Journal of Commerce / May 6, 1999
By Larry Luxner
COLÓN, Panama -- Panama's sprawling Zona Libre de Colon, which celebrates its 50th anniversary this year, already ranks as the largest free zone in Latin America.
Now, Panama wants to become known as the region's top transshipment center as well -- thanks largely to Colon's recently inaugurated Manzanillo International Terminal.
"Our goal is that over the next five years, Panama will become the No. 1 transshipment container port in Latin America," says Nicolas Ardito-Barletta, executive director of Panama's Autoridad Regional Interoceanica (ARI). "Large ships are moving to big ports, dropping their cargo there for other ships to pick up and distribute. But there's no place like us in Latin America. Other countries are trying to do it, but they're not moving as fast as Panama, and they don't have the right conditions."
Manzanillo International Terminal has the good fortune of sitting across the Colon Free Zone, right at the Atlantic entrance to the Panama Canal. Inaugurated in April 1995, the project is a 50-50 partnership between Panama-based Motores Internacionales S.A. and the local affiliate of Seattle-based Stevedoring Services of America.
The port's marketing manager, Carlos Urriola, told a Journal of Commerce reporter visiting Manzanillo that in the last three years, the joint venture has poured $210 million into what was originally envisioned as a $10 million project.
"Financing a project like this in Panama was not easy," he said. "We went to the banks, but they told us to get commitments from shipping lines. The partners decided to invest $30 million of their own money without having financing arranged or one customer signed up."
At present, Manzanillo (which according to Urriola is also known as MIT "so people will associate it with high-tech") boasts a 225-meter Ro-Ro berth; two Panamax and four post-Panamax gantry cranes; a 600-meter container berth; a dedicated opening in the breakwater (separate from the Panama Canal's Atlantic entrance); various terminal handling equipment for ground operations; automated computer system for terminal, vessel and gate activities; 25 hectares of adjoining stacking and container yard area, and 83 hectares available for automobile and container storage.
On Jan. 30, 1997, a direct access gate was opened to the Colon Free Zone, which itself imports and re-exports $11 billion worth of goods annually. Neither of MIT's two local competitors -- Evergreen's Colon Container Terminal nor Hutchison Port Holdings' Atlantic port of Cristobal -- can boast such direct access.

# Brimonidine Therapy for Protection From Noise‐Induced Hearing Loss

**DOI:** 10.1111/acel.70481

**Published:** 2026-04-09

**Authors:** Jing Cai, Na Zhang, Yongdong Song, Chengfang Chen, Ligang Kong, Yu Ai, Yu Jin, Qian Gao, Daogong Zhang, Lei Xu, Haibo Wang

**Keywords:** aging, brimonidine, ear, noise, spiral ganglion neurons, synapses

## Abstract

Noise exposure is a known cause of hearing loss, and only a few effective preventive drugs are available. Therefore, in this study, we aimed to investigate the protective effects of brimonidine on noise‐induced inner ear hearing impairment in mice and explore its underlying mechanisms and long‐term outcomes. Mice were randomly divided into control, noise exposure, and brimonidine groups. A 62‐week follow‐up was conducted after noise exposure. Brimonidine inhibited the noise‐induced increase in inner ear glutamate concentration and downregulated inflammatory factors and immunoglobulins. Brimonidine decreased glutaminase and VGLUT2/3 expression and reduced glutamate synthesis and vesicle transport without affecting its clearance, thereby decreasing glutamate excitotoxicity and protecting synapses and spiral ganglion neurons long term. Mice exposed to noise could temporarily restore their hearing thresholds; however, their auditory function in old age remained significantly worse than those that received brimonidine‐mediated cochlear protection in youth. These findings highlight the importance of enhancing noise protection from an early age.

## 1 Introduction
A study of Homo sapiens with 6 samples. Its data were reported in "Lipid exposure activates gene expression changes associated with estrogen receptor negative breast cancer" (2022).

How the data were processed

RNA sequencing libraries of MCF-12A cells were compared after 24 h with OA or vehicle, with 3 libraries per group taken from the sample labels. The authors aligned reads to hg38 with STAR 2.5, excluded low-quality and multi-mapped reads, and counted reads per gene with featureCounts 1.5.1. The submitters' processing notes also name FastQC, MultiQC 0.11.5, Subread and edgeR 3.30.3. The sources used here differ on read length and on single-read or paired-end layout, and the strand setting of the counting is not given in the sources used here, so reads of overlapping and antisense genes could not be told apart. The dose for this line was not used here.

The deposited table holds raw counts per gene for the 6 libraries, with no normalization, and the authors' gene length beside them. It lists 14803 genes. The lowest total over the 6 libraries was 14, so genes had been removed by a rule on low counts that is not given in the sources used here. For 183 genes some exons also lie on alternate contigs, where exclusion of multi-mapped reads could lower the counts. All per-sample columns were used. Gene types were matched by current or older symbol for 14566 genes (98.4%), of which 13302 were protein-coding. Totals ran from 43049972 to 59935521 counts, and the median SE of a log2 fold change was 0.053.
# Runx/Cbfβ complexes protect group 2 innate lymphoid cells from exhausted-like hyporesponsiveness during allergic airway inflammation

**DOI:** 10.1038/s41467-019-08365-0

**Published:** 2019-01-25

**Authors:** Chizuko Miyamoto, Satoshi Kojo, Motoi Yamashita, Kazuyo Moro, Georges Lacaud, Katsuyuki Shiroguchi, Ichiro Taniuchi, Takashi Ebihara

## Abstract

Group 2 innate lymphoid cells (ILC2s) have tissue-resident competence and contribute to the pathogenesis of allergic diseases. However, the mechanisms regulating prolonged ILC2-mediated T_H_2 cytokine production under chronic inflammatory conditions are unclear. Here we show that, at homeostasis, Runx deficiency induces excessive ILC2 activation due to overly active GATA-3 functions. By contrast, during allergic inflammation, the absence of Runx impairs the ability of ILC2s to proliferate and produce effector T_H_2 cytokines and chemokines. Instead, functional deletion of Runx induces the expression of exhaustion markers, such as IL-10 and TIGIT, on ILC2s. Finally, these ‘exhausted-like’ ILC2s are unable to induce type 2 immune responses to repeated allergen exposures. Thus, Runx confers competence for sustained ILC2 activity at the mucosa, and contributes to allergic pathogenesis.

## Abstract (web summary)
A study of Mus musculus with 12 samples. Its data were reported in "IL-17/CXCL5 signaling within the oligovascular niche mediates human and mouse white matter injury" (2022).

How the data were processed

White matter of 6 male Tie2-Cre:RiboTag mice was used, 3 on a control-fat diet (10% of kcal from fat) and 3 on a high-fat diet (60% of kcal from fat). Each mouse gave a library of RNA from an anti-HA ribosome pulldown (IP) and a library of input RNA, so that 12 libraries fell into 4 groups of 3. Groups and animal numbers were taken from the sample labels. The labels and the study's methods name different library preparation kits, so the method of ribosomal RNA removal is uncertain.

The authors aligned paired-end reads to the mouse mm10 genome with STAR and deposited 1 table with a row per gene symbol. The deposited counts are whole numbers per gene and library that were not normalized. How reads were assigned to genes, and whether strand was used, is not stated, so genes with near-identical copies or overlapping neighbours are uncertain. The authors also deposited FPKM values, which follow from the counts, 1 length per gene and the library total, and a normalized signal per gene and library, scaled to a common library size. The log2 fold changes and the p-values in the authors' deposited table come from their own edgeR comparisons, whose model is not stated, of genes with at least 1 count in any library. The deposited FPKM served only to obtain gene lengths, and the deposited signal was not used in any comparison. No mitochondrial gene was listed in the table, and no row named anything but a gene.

At the moment, MIT averages 33 container moves an hour, and pays its 750 employees average wages of $800 a month.
"Our commitment with the government was to create 300 jobs in three years. We've created three times that amount," says Urriola, adding that "Colon has a bad labor reputation. We took people with no experience whatsoever, and today -- three years later -- they're sitting at a computer talking EDI with a ship captain."
Volume figures are impressive as well.
Last year, Manzanillo moved 359,516 containers (586,452 TEUs) -- up from 220,188 containers (355,857 TEUs) in 1996 and 104,339 (165,626 TEUs) in 1995. Port officials expect those volumes to grow between 10% and 20% annually over the next five years as Manzanillo draws business away from other competing transshipment centers such as Kingston, Jamaica; Freeport, Bahamas; Miami and San Juan, Puerto Rico.
"MIT alone has more cranes than all of Central America," said Urriola. "This compares to Buenos Aires, and all this has been developed in the last three years."
John Bressi, MIT's port director, says 90% of Manzanillo's business is containers, with the remaining 10% consisting of Ro-Ro and breakbulk cargo. He declined to release sales or earnings information, though he did say MIT is comparable with the Port of Miami. MIT's top three countries in terms of sources of revenue are Brazil, Colombia and Venezuela, in that order.
"The Colon Free Zone represents about 20% of our transshipment volume, but only indirectly, because the cargo is distributed to the free zone, repacked and redistributed in different containers through MIT," said Bressi. "For every 10 boxes we put in the free zone, two of them come back through the port. The other eight are exported through other channels."
Among MIT's leading clients are Maersk-Sealand, P&O Nedlloyd, Hanjin Shipping, American President Lines Ltd., OOCL and Zim Lines.
Aware of Panama's reputation for drug smuggling, Manzanillo has also contracted with Grupo de Seguridad de Las Americas (GSA) for a 100-man security force, complete with 12 drug-sniffing dogs, a water patrol, video cameras and illumination for night operations. GSA maintains a close relationship with both the U.S. Customs Service and Panamanian authorities.
"You don't open every container," Urriola explained, "but you try to deter drug smugglers so that if they're going to use Panama as a contraband center, which they are, they'll use other avenues instead."
Despite MIT's proximity to the Colon Free Zone, Urriola says "the business isn't here because of the free zone," but because "it's cheaper to unload in Panama than in Miami." Regional integration efforts notwithstanding, he says, "regardless of how the countries get together, if we're still the least expensive alternative, they'll come here."
Asked how the return of the Panama Canal to Panamanian sovereignty on Dec. 31, 1999, might affect operations at Manzanillo, Urriota chooses his words carefully.
"We feel that MIT is a typical example of what can be done in Panama," he says. "The canal is a cash cow, and needs more money to be put into maintenance. As long as politics are put aside, we should have no problem."